How virtual reality will help change healthcare

Key points

    Virtual reality development

    It's applications

    The future of healthcare

By Carlos Miskinis
Digital twin research expert
Jan 2019

VRs uses and applications

Healthcare has adopted virtual reality and, through its use, healthcare is improving dramatically every day. The impact of virtual reality has not yet been fully realised but, due to an ever increasing market, that changes every single day. Technology and healthcare companies are creating platforms that will transform healthcare for years to come. It is being proven to provide better value proposition than other avenues and healthcare workers are adopting its uses even at an early stage due to the benefits.


From developing surgical training technology to helping patients with mental health, VR has an array of applications in which it can benefit the healthcare industry. The justification behind increased VR use is that it can help patients and/or healthcare professionals remove some of the stress of everyday situations and encourage behaviours that can be beneficial to enable progression, whether that be teaching or rehabilitation.


Uses of virtual reality


VR Health, the Israeli immersive VR company now based in Boston, USA, has become the first in the world to gain ISO certification and have all its medical uses FDA approved. They use Oculus Go and Rift to create their platforms and are currently in use in 30 locations in the USA. Their VR Health applications immerse users in fun and engaging experiences while walking them through specific movements and tasks, for medical and therapeutic purposes, all of which are analysed in real time thus providing useful data analytics for multiple case use. They currently have a wide range of programmes from pain management, helping chemotherapy patients and helping those with mental health conditions.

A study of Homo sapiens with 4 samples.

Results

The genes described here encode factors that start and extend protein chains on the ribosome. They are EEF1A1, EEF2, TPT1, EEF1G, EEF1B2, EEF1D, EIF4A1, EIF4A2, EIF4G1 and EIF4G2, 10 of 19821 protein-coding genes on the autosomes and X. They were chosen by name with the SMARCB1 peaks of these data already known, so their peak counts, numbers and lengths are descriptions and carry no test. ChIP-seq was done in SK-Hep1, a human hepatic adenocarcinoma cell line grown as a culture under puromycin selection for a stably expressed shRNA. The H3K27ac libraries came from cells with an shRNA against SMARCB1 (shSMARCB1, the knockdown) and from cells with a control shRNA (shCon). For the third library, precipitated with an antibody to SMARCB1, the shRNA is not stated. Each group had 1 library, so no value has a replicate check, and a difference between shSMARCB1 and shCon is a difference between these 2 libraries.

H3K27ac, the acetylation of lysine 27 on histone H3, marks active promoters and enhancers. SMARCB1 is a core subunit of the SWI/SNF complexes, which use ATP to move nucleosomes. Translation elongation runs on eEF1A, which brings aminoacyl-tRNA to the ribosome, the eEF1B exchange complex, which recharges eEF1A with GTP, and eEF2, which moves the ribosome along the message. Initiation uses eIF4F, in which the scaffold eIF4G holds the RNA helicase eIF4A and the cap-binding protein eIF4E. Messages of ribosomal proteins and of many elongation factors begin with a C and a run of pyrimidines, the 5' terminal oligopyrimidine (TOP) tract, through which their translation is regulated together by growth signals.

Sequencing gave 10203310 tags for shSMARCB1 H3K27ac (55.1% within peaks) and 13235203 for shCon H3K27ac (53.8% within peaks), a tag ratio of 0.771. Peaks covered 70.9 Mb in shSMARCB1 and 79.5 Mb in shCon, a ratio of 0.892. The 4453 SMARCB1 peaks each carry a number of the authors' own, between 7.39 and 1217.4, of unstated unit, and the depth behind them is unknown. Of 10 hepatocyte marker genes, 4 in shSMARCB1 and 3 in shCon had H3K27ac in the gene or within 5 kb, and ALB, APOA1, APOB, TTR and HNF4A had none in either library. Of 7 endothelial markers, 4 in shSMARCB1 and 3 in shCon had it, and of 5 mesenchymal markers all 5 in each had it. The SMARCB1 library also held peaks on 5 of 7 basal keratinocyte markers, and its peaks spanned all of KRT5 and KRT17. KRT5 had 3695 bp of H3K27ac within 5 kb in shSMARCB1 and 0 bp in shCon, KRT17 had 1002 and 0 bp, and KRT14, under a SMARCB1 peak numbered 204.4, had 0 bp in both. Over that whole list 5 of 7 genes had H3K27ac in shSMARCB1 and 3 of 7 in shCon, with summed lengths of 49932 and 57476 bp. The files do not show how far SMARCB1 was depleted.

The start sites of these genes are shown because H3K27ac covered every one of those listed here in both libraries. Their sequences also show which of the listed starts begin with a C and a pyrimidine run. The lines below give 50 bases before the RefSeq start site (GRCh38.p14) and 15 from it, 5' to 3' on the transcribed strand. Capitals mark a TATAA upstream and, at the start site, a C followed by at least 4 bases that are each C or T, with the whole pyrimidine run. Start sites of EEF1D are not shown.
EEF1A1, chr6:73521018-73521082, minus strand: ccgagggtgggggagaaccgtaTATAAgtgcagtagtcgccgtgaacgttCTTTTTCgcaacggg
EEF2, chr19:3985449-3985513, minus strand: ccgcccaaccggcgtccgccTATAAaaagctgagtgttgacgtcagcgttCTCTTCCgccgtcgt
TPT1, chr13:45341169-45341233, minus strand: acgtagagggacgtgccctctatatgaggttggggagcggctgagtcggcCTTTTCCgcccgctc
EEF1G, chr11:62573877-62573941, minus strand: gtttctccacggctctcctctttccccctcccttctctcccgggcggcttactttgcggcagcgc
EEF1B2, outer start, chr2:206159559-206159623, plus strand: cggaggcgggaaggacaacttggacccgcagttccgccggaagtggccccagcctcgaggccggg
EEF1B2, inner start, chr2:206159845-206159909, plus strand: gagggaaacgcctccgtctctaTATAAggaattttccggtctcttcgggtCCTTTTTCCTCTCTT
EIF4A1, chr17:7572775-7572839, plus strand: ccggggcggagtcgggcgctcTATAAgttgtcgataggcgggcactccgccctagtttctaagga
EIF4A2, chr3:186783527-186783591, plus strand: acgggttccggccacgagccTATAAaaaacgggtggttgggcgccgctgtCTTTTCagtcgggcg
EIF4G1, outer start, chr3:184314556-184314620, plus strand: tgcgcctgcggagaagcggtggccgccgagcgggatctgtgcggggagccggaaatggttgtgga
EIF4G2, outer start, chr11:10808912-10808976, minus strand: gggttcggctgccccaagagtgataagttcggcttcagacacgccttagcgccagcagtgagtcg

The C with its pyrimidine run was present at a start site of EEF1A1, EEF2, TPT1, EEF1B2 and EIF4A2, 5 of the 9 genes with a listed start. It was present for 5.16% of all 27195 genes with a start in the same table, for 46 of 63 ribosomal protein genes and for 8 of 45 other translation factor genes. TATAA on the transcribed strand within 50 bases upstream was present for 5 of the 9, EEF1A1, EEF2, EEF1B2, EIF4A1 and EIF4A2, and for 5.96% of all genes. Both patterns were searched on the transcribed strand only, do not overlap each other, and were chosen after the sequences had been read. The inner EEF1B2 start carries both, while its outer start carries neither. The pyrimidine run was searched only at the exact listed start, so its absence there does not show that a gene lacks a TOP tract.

There are also its uses in various health conditions. Firsthand technology treat patients with chronic pain using VR which, when you consider that normal treatment uses highly addictive narcotics, the alternative of VR provides a safer therapeutic output. Their VR platform has been shown to reduce the time thinking about their pain by 48%, whereas patients under drug therapy reduction time in thinking about the pain is only 10%. Applied VR works on pain reduction within hospitals by placing patients in different settings. This can reduce patient pain from surgery or small operations by nearly 40%. Overall both are improved options when you consider the addictive nature of painkiller treatments currently available.

Challenge Advisory is delighted to announce the launch of our digital twin healthcare workshop taking place in London, November 2019.

This workshop is designed to support the growth and adoption of digital twin technology in healthcare, Pharmaceuticals and hospital management.

Created for the industry, Challenge Advisory is presently working with 30 members of their steering committee to build a framework and agenda to build upon the work they have already done, to develop the value of Digital Twins.

Learn more about our digital twins healthcare workshop here.


One of the largest uses for virtual reality lies within medical teaching. Numerous companies are currently simulating surgery and medical anatomy to make education more accessible and prevent patient harm. ImmersiveTouch enables patients scans to be reconstructed into 3D VR so that they can complete practice procedures, such as major surgery or invasive procedures, via enabling of teaching and demonstrations amongst surgeons, preventing any room for error. Medical realities performed the first ever operation using a virtual reality camera at the Royal London Hospital in Whitechapel. Everyone could participate in the operation in realtime. Everyone could follow the procedure from start to finish and see how the surgeon removed the cancerous tissue. A new and immersive way of training surgeons, Osso VR, does this in orthopaedic surgery. It allows users to simulate assembling and placing a tibial nail. For STEM based education, Zspace is an inspiring interactive educational platform which allows used to visualise human anatomy amongst many other functions.




With the advancements in health tech changing daily and its therapeutic importance being validated, it will not be long until the “fourth industrial revolution” has provided healthcare with the credentials to enable us to minimise the use of narcotics for patients experiencing pain, addressing phobias and preventing cadaver use in medical training. The future of medical healthcare will ultimately be dependant on new technology as other resources become scarcer, out of date and proven to be unhelpful. Using alternatives to assist both patients and healthcare professionals seems inevitable and we must embrace virtual reality for all of its unique properties.